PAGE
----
V-Team is in Masindi, Uganda. It has been a strange silence to have them so disconnected from the web. Andrew, Evan, and Christian will be able to connect to internet when they travel 2 hours to a neighboring town. We will look forward to more specific updates when they are available.
In the meantime, some of you may be wondering about the Team's current homebase country. So, below, find an overview of Uganda from someone who has been there. Kay Smiley is a child advocate with Compassion International and has recently had a significantly life-changing experience in Africa.
Andrew' Leigh's Grampa, Art Gay, served several years on the board of Compassion International, in Colorado Springs, with friend Wes Stafford. This organization is doing amazing work around the world empowering children by releasing them from poverty, in Jesus name. To see Wes Stafford's remarkable new book about children in poverty, click on the picture.
Check out the Compassional International site to learn more about sponsoring children.
From Kay Smiley,
Child Advocate, Compassion International:
Uganda straddles the equator in east central Africa. It’s about the size of Colorado with 28 million people compared to our 4.6 million. The average age in Uganda is 15, the lowest in the world. Life expectancy is age 50. Childhood deaths are mainly due to malaria and adult deaths due to HIV/AIDS. Although HIV/AIDS was at 15% of the population, it has now declined to 6%.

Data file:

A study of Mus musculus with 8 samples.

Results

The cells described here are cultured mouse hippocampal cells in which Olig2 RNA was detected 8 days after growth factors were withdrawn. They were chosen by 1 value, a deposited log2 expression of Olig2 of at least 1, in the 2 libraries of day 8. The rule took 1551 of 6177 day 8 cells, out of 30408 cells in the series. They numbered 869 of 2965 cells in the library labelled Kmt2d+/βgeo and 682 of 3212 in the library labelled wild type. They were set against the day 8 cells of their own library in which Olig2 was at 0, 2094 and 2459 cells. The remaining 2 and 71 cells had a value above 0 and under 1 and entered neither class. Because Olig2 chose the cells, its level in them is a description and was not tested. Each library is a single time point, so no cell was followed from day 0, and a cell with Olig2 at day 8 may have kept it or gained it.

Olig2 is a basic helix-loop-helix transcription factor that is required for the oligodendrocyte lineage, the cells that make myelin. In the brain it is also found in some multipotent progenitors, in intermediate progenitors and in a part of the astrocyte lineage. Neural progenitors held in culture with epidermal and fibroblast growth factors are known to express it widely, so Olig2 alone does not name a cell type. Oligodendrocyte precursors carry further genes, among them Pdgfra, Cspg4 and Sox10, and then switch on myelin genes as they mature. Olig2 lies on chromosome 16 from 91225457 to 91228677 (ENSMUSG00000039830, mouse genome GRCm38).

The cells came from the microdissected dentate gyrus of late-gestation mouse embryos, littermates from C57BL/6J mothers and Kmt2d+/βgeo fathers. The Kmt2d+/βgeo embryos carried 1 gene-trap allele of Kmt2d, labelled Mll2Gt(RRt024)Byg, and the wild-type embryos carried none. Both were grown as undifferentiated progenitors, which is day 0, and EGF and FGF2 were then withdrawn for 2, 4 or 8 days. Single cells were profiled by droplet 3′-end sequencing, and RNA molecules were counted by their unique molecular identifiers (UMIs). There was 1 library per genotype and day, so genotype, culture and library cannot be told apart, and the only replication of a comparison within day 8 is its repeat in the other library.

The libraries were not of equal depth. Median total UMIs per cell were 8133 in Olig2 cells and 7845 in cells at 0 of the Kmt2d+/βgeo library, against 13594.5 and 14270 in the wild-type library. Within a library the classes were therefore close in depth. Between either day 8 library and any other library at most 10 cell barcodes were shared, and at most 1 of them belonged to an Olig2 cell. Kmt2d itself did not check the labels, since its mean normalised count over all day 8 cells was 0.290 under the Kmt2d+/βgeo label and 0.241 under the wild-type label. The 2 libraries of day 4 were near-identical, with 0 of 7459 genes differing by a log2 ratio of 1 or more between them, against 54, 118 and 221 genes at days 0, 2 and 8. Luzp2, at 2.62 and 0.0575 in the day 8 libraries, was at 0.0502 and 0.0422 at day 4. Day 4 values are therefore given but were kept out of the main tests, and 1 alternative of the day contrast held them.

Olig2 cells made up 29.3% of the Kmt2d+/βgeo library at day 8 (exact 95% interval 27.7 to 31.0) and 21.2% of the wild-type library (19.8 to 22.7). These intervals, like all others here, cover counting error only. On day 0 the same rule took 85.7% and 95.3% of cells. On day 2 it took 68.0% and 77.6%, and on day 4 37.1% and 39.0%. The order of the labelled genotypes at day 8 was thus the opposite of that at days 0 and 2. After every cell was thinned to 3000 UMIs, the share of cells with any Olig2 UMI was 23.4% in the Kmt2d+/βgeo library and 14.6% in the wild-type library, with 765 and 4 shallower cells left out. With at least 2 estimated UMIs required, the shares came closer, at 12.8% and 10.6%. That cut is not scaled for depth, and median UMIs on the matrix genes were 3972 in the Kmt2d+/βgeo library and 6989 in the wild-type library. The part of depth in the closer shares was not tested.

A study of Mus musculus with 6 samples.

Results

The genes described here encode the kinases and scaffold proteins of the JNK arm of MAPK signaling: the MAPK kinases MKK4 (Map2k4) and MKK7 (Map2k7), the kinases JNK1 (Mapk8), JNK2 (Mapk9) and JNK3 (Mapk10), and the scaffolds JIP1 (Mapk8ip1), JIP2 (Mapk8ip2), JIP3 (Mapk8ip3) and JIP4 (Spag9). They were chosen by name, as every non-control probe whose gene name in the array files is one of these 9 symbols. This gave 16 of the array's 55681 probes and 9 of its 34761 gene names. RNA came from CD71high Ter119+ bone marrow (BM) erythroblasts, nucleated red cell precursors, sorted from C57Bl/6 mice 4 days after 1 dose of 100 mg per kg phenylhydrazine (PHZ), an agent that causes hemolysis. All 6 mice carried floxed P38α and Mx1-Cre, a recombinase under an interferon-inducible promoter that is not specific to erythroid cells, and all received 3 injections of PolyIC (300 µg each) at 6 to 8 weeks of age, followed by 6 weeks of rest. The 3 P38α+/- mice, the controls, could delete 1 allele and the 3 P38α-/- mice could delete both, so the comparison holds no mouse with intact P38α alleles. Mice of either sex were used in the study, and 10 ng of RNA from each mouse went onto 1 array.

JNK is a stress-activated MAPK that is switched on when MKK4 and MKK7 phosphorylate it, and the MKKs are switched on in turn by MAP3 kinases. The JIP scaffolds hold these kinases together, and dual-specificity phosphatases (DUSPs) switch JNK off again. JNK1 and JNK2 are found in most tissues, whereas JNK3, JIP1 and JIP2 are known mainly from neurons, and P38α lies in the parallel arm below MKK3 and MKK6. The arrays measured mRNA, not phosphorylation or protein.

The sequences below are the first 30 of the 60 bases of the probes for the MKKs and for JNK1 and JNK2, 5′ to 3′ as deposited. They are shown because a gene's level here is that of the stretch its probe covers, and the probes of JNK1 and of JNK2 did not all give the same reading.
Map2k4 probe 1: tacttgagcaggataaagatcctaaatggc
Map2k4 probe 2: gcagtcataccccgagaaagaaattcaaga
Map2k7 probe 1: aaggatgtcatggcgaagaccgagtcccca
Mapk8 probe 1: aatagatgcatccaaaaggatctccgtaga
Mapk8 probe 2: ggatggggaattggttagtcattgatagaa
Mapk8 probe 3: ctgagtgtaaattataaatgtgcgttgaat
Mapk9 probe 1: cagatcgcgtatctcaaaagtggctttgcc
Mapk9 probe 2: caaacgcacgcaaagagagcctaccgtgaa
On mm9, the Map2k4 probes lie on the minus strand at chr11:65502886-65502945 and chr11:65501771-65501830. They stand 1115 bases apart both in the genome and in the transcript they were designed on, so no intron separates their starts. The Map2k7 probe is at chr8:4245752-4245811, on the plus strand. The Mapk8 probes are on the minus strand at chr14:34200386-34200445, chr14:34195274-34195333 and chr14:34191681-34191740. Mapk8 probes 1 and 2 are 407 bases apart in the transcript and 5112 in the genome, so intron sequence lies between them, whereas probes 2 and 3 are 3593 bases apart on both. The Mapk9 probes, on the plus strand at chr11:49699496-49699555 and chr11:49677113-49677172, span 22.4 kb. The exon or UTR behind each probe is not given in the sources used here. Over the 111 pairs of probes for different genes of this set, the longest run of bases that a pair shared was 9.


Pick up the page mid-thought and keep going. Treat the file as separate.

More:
The official national language is English and is used in all schools. Most villagers in the areas we visited spoke Luganda for their everyday language. All the teachers and Compassion staff we met spoke 2-5 languages. Some had to translate for the children, depending on how much schooling they had. Whatever language is used, Ugandans generally speak softly with a beautiful lilted British accent.
Baboons. We stayed in another hotel for one night when we went on safari. It was located close to a jungle and they have trouble with baboons stealing food from the open- air restaurant and tearing the outside of the hotel off.
Uganda is simply gorgeous. Palm trees, grasses, open spaces. This was wintertime and everything was green and lush. The best part of traveling on a bus was being able to wave and smile to lots of people and to see the countryside~
People carrying heavy loads on their heads or on their bicycles
Empty, partially built houses
Children wearing uniforms, walking home from school
Children wearing ragged clothing sitting in the dirt playing with a strip of
cloth or a stick or nothing
Women washing clothes
Yellow plastic water jugs
Women selling fruit and vegetables
Hunks of beef hanging from hooks
Men making bricks or metalworking or woodworking
Men washing work vehicles by driving them into wet ditches
Women carrying infants and toddlers on their backs
Men shoveling mud out of road ditches
Women sitting on the ground selling roasted corn from a small stove Small patches of crops
We learned that poverty is not laziness.
The best part? Playing with the kids. Holding their hands. Taking their pictures and showing them the LCD screen, getting a burst of giggles. Singing and dancing together. When I looked at all the photos, the constant theme is smiles. Happy, wonderful smiles.